Arnon Grunberg



On Putin, over-optimism and the current occupant of the White House - H. R. McMaster, former national security adviser under Trump being interviewed by René Pfister, in Der Spiegel:

‘McMaster: We won the Cold War, but victory gave us over-optimism and complacency In the United States and Europe, we thought that with the collapse of the Soviet Union, free and democratic societies would finally prevail. We believed that the era of great power competition was over and that the peoples of the world would from now on tackle the great global problems together. The victory in the Gulf War in 1991 also reassured us that the U.S. and NATO militaries, because of our strength and technical superiority, were unbeatable. All of these assumptions proved false and resulted in a bitter disappointment.
DER SPIEGEL: To what extent? McMaster: The Sept. 11, 2001, attacks proved that a box knife is enough to hijack an airplane and murder 3,000 people. In addition, global power competition is coming back: China is threatening its neighbors in the South China Sea and trying to suppress the freedom movement in Hong Kong. And Russia dreams of being a great power again, which was shown, among other things, in the annexation of Crimea and the invasion of eastern Ukraine. The Europeans reacted too slowly to this, and the U.S. also made the mistake of withdrawing troops from Europe as Putin became more aggressive.’


‘McMaster: I saw it as my duty to serve any elected president. Since joining the military, my role model has been General George Marshall. He was the architect of the American victory in World War II and then planned the reconstruction of Europe. Marshall never took part in an election in his life. I did the same thing. I am not a supporter of a party; I do not want to be drawn into political trench warfare. But in Iraq and Afghanistan, as a soldier, I had to implement strategies that made little sense to me. They were based on some fantasy in Washington, but not the reality of the war on the ground. So, I wanted to take the opportunity to correct the strategic deficits that we have already talked about. I wanted the president to be able to base his decisions on the best possible analysis and expertise. But of course, I also had an inkling that it would be challenging to serve in the toxic partisan environment.
DER SPIEGEL: Did you know that your term in your position was coming to an end when the right-wing website Breitbart started a campaign against you and the hashtag #fireMcMaster began circulating online? McMaster: It was meant to make my job impossible. Behind this are people who weren't interested in serving the president, but had their own agenda. I chose to ignore it and focus on my job.
DER SPIEGEL: You’re talking about Steve Bannon, who was then Trump’s chief strategist, right? McMaster: It was a number of people who saw the effectiveness of our process as an impediment to their narrow agenda.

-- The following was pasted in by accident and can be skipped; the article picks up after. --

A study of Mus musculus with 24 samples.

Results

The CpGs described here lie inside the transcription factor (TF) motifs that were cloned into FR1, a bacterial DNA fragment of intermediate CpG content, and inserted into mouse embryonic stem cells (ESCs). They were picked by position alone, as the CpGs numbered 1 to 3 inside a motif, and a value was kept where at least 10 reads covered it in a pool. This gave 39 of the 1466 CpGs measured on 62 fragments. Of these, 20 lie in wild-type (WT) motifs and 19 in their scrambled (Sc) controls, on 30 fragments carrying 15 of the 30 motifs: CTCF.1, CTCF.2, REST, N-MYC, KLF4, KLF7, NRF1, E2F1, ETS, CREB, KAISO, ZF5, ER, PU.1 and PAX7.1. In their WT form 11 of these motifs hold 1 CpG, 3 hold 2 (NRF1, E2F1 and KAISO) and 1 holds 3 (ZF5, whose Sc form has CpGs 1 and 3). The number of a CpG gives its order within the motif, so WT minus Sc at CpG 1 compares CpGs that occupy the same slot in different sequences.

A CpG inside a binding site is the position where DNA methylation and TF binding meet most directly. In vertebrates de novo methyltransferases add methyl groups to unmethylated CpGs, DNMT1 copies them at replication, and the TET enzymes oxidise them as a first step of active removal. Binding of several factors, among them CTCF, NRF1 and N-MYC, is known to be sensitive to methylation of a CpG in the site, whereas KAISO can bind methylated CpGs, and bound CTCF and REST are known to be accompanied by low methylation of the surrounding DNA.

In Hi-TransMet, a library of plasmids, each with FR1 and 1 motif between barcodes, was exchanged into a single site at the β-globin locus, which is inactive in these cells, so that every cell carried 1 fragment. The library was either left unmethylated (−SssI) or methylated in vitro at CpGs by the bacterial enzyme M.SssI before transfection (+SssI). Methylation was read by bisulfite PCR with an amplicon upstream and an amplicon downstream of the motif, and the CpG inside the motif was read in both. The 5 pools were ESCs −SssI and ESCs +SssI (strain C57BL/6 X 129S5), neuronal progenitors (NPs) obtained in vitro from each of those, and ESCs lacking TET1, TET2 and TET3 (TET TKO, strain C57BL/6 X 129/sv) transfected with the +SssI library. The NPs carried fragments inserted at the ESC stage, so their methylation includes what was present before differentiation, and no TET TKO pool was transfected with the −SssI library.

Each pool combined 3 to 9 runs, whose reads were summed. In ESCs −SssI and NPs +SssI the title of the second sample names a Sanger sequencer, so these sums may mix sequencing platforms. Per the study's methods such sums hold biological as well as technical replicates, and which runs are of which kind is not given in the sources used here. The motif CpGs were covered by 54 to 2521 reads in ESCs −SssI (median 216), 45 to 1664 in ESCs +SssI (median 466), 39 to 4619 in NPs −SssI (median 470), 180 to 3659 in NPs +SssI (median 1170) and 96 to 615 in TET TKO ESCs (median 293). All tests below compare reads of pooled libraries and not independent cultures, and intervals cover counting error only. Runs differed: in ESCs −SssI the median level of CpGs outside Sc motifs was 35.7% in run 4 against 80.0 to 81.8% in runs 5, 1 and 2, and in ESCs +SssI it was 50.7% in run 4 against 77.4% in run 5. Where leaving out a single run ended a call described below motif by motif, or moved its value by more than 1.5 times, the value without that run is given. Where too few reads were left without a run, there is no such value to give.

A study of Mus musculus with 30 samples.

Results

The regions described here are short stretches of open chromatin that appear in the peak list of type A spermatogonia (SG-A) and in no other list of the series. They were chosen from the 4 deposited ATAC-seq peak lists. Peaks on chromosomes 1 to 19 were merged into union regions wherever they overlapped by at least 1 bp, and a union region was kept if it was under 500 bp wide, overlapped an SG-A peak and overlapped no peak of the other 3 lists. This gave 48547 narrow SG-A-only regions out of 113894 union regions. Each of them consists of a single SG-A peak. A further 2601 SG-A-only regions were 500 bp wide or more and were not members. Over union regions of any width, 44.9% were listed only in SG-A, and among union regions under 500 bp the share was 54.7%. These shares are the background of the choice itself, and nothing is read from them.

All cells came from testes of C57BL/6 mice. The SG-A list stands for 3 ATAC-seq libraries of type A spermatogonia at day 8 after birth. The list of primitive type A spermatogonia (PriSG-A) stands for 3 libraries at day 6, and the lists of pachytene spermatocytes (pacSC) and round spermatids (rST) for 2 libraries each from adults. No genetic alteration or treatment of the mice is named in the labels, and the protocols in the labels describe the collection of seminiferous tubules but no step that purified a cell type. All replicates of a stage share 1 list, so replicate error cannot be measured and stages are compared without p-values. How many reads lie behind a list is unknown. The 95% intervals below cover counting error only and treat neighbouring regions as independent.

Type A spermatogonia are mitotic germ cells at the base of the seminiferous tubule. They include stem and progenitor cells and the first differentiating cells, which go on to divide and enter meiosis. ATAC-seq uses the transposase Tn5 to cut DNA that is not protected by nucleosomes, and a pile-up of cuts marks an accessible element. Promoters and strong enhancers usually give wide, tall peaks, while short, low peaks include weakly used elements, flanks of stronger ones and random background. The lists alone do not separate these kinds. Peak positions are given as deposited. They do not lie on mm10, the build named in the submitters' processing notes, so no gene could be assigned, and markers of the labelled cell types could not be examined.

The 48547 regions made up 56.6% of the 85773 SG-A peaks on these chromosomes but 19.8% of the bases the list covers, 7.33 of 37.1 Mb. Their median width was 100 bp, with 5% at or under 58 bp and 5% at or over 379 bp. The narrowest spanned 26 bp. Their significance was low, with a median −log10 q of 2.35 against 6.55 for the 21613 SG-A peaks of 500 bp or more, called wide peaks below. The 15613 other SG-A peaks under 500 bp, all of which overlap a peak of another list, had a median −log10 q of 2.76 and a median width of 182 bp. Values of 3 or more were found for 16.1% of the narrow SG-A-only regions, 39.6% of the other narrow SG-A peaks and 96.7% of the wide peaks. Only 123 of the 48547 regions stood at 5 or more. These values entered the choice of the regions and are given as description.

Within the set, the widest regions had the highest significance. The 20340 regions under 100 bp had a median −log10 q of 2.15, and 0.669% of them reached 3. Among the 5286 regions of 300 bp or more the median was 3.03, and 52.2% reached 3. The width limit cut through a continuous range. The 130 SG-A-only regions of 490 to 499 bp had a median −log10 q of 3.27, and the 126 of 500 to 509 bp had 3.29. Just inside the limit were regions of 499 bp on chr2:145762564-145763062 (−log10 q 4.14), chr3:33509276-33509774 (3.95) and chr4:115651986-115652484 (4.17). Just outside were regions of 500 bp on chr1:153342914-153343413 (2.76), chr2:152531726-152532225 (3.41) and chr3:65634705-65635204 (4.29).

DER SPIEGEL: Bannon and others wanted the president to follow an isolationist course. You successor was John Bolton, the fiercest hawk in the Republican foreign policy camp.
McMaster: There may be an element of poetic justice in that contradiction.
DER SPIEGEL: In your book, you primarily describe Russia as a threat to the free world. What is dangerous about Putin? McMaster: Putin doesn't feel bound by our moral standards. For example, there is irrefutable evidence that the Russians shot down a passenger plane over Ukraine in 2014. Putin tried to kill former Russian intelligence officer Sergei Skripal with a nerve agent, endangering the lives of thousands of British citizens. Most recently, he tried to poison the regime critic Alexei Navalny. Putin denies all of this. He believes the West is weak and he can get away with murder, sometimes literally.
DER SPIEGEL: Many Germans remember another Putin who gave a speech in fluent German in the German federal parliament at the end of September 2001 -- a few days after the attack on the World Trade Center -- and who campaigned for peaceful coexistence between the U.S., Russia and Europe. Was it a mistake to turn down Putin's outstretched hand? McMaster: In the 1990s, the U.S. and the Europeans paid billions to Russia to help the country transform itself into a market economy. That failed because a criminal patronage network spread across Russia, which first brought down Boris Yeltsin and then promoted Putin's rise. In a speech in 2000, Putin himself declared that he wanted to restore his country to its old national greatness. We should not make the mistake of holding ourselves responsible for the most egregious acts of our enemies. This is what I call strategic narcissism in my book.’


‘DER SPIEGEL: John Bolton has made it absolutely clear that he thinks Trump is incompetent. It appears that you feel the same way. Why don't you say it? McMaster: There is a strange tendency in the U.S. to hold Trump responsible for all evil. He certainly contributed to the division in American society, but he is more a symptom than the cause.’

Read the interview here.

Yes, more a symptom than the cause. And it’s so practical and understandable to focus on the symptom, but in politics the symptom can become the cause.

Some unhealthy tendencies have been festering in the US for decades, mainly in the Republican party but not only there, and we all let it fester. The same, but to a somehow lesser degree can be said about Italy (the rise of Berlusconi, and what came after that), and France where Sarkozy inched closer and closer to Le Pen.

And by the way it’s not only Putin who believes he can get away with murder, remember Khashoggi?